OAKLAND -- A's designated hitter Billy Butler has ramped up his offseason conditioning routine ahead of his age-30 season, readying to make good on a three-year, $30 million deal that, more times than not last year, looked like a flop.
Butler hit .251 with a .713 OPS in his first season in Oakland, drove in only 65 runs and left many more on base, grounding into 26 double plays in 151 games. He can't explain how these disappointing numbers came to be, but he's taken action to better them, in part through extra conditioning as outlined in a program drawn up by the A's training staff.
"I think I'm getting older and I've got to do more things to stay young," Butler said. "I'm not old, but I'm old in baseball terms, getting there. It's one of those things where I've got to do more to keep up with these young bucks."
Less concerned about his pants size -- Butler, listed at 6-foot-1 and 240 pounds, will always be hefty -- and more about improved fitness, the designated hitter has been engaged in two workouts per day since the start of the offseason. He works with a personal trainer on a daily basis ahead of batting-cage sessions at the team's Minor League complex in Arizona, where Butler lives year-round.
"I know he got to work right away," manager Bob Melvin said. "For a veteran guy like him that's had a lot of success, to have what was probably a down year for him, you probably have some added incentives, especially being with a new team last year, to come out this year and prove to everybody that he's the guy that we signed for a reason. He's still fairly young and probably in the prime of his career, so I know he's looking for a bounceback season."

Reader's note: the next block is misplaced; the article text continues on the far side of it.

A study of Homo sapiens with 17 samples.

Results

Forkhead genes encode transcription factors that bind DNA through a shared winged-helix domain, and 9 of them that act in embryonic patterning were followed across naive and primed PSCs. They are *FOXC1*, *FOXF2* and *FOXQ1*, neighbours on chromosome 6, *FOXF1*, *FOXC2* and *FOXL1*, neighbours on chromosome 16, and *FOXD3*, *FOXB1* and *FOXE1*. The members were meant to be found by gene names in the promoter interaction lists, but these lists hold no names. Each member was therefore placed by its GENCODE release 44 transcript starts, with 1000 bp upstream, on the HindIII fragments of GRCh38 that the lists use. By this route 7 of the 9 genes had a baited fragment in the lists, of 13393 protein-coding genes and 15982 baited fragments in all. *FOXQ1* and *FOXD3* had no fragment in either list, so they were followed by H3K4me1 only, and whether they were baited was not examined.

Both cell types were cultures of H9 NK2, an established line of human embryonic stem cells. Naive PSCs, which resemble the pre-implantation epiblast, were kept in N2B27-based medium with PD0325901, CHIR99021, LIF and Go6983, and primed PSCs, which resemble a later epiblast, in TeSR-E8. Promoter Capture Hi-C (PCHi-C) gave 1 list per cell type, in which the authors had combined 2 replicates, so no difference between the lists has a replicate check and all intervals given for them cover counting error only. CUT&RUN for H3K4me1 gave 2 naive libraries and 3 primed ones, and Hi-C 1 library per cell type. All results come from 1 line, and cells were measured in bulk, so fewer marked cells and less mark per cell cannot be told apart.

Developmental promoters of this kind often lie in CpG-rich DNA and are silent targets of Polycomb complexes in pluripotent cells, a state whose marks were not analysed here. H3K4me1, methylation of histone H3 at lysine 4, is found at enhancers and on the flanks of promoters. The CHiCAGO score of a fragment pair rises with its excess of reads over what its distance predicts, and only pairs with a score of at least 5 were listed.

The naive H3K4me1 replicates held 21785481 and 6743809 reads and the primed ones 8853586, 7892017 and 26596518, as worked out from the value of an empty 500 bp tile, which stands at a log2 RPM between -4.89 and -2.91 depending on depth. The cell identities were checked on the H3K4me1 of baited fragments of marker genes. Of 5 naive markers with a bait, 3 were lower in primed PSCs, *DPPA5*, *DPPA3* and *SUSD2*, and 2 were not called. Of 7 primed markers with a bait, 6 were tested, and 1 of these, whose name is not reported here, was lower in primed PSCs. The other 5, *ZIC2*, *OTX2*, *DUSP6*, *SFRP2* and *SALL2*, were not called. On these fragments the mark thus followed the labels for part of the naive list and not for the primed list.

Butler spent 11 years in Kansas City's organization before his move west, hitting .295/.359/.449 in eight big league seasons. He called his transition to the Bay Area a "culture shock," but he said this week at FanFest, "I know what to expect now. I'm completely prepared for everything that's ahead."
Butler also revealed he arrived to camp last year with a minor left wrist issue that carried over from the end of the 2014 season, preventing him from swinging a bat until full-squad workouts were underway. He still managed to hit .287 in April before dropping to a .224 average over the next four months. Butler finished the season strong, batting .300 with six home runs and 17 RBIs in his final 30 games.
The A's seek such production consistently from their designated hitter, who also happens to be one of their highest-paid players. Butler understands these expectations while recognizing the significance of the preparation necessary to fulfill them.
"I'm in good shape," Butler said, "I'm strong, everything's great. I'm gonna perform to the level they expect me to."
The peppering of questions on conditioning, Butler noted, "don't happen when you hit 30 home runs and 40 doubles. I don't think anybody questions your conditioning or offseason program [with those numbers]. So I would expect them. I've got a lot left in the tank.
"I've always had a bigger body type, even when I was 18. I wasn't going to be drafted to steal bases."
Jane Lee is a reporter for MLB.com. This story was not subject to the approval of Major League Baseball or its clubs.